The phrase was showcased in bold letters on our wall: “In a world where we can be anything, we choose to be kind.” In my first year of service as a Teach for America Corps Member, I used those poignant words to frame our Kindness Tree. Well technically, it was a Kindness Map, because our classroom theme was Global Ambassadors. But it served its purpose all the same.
Many teachers thought the mandate for a Kindness Tree in our curriculum was simply another bureaucratic attempt to stress us out and weigh us down. That school year, however, my Pre-K students proved them wrong. And now that I have a son of my own, here’s why I plan to teach him kindness the exact same way.
Incentivizing a Heart of Service
No matter what stage of motherhood you’re in, I’m sure you can attest to the fact that children LOVE attention! They crave it and in fact, require it to foster their development. Through Conscious Discipline, a social-emotional learning program embedded in almost every early childhood classroom across the nation, the Kindness Tree capitalizes on that need for attention in a purposeful way.
Children are rewarded for kind and helpful acts of service performed throughout the school day. Kids may share a pencil with another student. They may give a friend a hug upon realizing that they’re having a rough day. All consideration is grounds for recognition.
Initially at the beginning of the school year, I made class announcements praising specific students for their acts of service. I placed a passport sticker on our Kindness Map to commemorate each kind act. As the year progressed, the children were so invested in the concept that they voluntarily took on the mantle. They began acknowledging friends on their own.
It wasn’t long before the culture of kindness became an integral part of our classroom. The recognition they all yearned for so deeply in the beginning was replaced by the spirit of altruism alone.
Normalizing a Sense of Gratitude
As a Millennial, I often hear the word “entitled” thrown around to describe today’s younger generations. I am confident that if we all implemented some form of the Kindness Tree into our lives and in our kid’s lives, the critics of our youth would change their tune.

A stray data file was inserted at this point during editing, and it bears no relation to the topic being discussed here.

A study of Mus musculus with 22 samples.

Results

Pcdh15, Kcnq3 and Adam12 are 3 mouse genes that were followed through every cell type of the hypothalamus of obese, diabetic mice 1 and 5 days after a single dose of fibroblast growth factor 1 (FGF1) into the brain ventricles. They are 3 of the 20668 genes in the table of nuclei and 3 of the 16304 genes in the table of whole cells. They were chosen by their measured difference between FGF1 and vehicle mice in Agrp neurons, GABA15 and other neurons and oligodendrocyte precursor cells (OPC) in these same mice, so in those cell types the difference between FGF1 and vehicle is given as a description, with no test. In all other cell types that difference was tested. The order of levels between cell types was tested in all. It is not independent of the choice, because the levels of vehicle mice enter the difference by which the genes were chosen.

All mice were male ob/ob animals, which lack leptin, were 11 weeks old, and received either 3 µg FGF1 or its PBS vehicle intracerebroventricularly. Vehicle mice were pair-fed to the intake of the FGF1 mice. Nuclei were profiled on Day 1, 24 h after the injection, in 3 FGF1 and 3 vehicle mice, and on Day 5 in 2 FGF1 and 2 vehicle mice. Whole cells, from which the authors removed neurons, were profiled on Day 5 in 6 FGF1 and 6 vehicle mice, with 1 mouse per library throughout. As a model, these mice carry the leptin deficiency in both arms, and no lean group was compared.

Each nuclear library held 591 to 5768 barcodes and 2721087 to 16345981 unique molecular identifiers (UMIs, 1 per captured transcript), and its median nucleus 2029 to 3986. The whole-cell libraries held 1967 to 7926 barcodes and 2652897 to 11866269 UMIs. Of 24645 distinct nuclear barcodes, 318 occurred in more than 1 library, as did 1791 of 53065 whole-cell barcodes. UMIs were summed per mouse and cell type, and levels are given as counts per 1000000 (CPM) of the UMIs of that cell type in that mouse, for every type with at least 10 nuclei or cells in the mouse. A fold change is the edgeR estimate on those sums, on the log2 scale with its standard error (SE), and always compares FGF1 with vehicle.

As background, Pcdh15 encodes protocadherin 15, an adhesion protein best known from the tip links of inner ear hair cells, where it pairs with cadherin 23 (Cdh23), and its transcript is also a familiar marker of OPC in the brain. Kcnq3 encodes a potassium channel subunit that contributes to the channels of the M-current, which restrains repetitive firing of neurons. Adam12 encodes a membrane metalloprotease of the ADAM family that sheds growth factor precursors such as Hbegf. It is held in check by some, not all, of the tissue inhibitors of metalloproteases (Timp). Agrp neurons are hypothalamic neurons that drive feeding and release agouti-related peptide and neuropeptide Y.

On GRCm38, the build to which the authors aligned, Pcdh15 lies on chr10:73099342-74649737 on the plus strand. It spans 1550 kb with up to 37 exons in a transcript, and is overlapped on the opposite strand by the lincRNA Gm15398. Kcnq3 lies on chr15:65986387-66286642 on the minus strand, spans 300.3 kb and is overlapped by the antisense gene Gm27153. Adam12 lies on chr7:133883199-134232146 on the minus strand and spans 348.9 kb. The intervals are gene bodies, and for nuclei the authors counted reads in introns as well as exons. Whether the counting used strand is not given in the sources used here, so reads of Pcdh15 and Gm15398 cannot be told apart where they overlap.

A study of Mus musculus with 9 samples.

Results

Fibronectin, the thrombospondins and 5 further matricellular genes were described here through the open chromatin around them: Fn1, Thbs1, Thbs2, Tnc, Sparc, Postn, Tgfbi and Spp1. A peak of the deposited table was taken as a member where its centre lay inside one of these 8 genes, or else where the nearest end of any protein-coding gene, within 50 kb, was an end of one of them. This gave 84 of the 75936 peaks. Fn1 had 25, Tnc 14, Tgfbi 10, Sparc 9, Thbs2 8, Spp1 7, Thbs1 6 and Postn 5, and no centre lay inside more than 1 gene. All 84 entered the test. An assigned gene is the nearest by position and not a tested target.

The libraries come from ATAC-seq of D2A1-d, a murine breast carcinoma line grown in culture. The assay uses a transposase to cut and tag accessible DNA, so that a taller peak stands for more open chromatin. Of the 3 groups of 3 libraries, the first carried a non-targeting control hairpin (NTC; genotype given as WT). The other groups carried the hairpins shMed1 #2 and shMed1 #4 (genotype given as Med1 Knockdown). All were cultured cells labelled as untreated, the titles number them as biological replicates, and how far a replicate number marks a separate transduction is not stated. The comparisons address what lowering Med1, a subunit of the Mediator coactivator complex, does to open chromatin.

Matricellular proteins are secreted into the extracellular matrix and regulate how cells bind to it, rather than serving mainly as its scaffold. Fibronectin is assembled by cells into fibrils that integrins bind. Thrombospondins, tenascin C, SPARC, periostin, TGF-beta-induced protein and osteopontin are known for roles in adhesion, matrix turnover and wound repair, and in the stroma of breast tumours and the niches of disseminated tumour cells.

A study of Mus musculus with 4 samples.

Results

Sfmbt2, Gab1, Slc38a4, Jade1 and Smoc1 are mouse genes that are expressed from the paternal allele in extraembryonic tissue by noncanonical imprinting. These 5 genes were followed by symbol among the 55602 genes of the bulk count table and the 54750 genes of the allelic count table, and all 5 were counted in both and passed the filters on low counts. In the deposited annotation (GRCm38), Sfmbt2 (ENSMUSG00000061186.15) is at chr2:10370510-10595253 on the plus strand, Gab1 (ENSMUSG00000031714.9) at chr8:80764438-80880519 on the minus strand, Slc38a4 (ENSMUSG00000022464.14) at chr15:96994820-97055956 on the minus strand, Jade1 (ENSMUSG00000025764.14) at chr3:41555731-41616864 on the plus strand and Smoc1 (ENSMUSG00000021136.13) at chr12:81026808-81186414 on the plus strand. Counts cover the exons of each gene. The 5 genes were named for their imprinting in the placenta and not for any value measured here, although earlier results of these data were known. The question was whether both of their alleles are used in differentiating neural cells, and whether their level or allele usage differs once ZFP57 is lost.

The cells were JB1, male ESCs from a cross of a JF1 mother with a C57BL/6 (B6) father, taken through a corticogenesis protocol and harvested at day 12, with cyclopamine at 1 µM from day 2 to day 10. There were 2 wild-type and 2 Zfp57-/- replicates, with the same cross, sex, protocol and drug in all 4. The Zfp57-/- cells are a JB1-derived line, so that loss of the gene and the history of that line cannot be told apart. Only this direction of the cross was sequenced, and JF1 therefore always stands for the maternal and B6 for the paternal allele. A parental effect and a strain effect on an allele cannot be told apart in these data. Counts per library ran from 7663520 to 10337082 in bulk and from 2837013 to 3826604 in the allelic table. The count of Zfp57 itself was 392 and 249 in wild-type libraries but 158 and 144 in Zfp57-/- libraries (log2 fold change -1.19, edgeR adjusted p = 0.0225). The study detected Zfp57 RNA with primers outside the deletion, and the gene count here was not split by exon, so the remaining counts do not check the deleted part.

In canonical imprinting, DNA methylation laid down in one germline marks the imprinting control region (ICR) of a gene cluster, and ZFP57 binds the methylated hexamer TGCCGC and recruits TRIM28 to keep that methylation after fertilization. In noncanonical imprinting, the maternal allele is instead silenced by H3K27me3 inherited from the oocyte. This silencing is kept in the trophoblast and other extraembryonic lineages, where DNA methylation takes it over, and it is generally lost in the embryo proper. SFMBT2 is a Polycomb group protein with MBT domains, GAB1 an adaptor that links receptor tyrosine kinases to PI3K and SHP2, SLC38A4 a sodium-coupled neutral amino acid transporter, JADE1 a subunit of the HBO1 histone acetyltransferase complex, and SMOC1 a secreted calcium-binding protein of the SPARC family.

I believe one of the most powerful teaching tools is the example we set. This was seen in my classroom firsthand. Using a Kindness Tree is a perfect way to model the importance of expressing appreciation for others. It subconsciously teaches children not to take the little things for granted and to never let an opportunity to say “thank you” pass.
Each time we had a class visitor, whether it was a read aloud guest or an administrator, they were amazed to see how eager my students were to show appreciation without being prompted or asked. “What a sweet bunch you have!” they’d say. I’d always glance over at the slew of passports on our Kindness Map and smile. Gratitude may not always be a given, but it can definitely be learned.
Making the World a Better Place
Call me an idealist, but I still believe that even though our world can be a cruel and dark place sometimes, the future of humanity is not lost. It lives in our children. It lives in my son. And even at two months old, he has subliminally been exposed to the concept of kindness in books and even the print on some of his clothes.
His introduction to the Kindness Tree will happen in only a matter of time, even if it surfaces in the form of a map or something else Pinterest inspires. It is my hope that as a result, he will never know a life where kindness and gratitude don’t exist. And if we all do our part, seeds of kindness will blossom everywhere.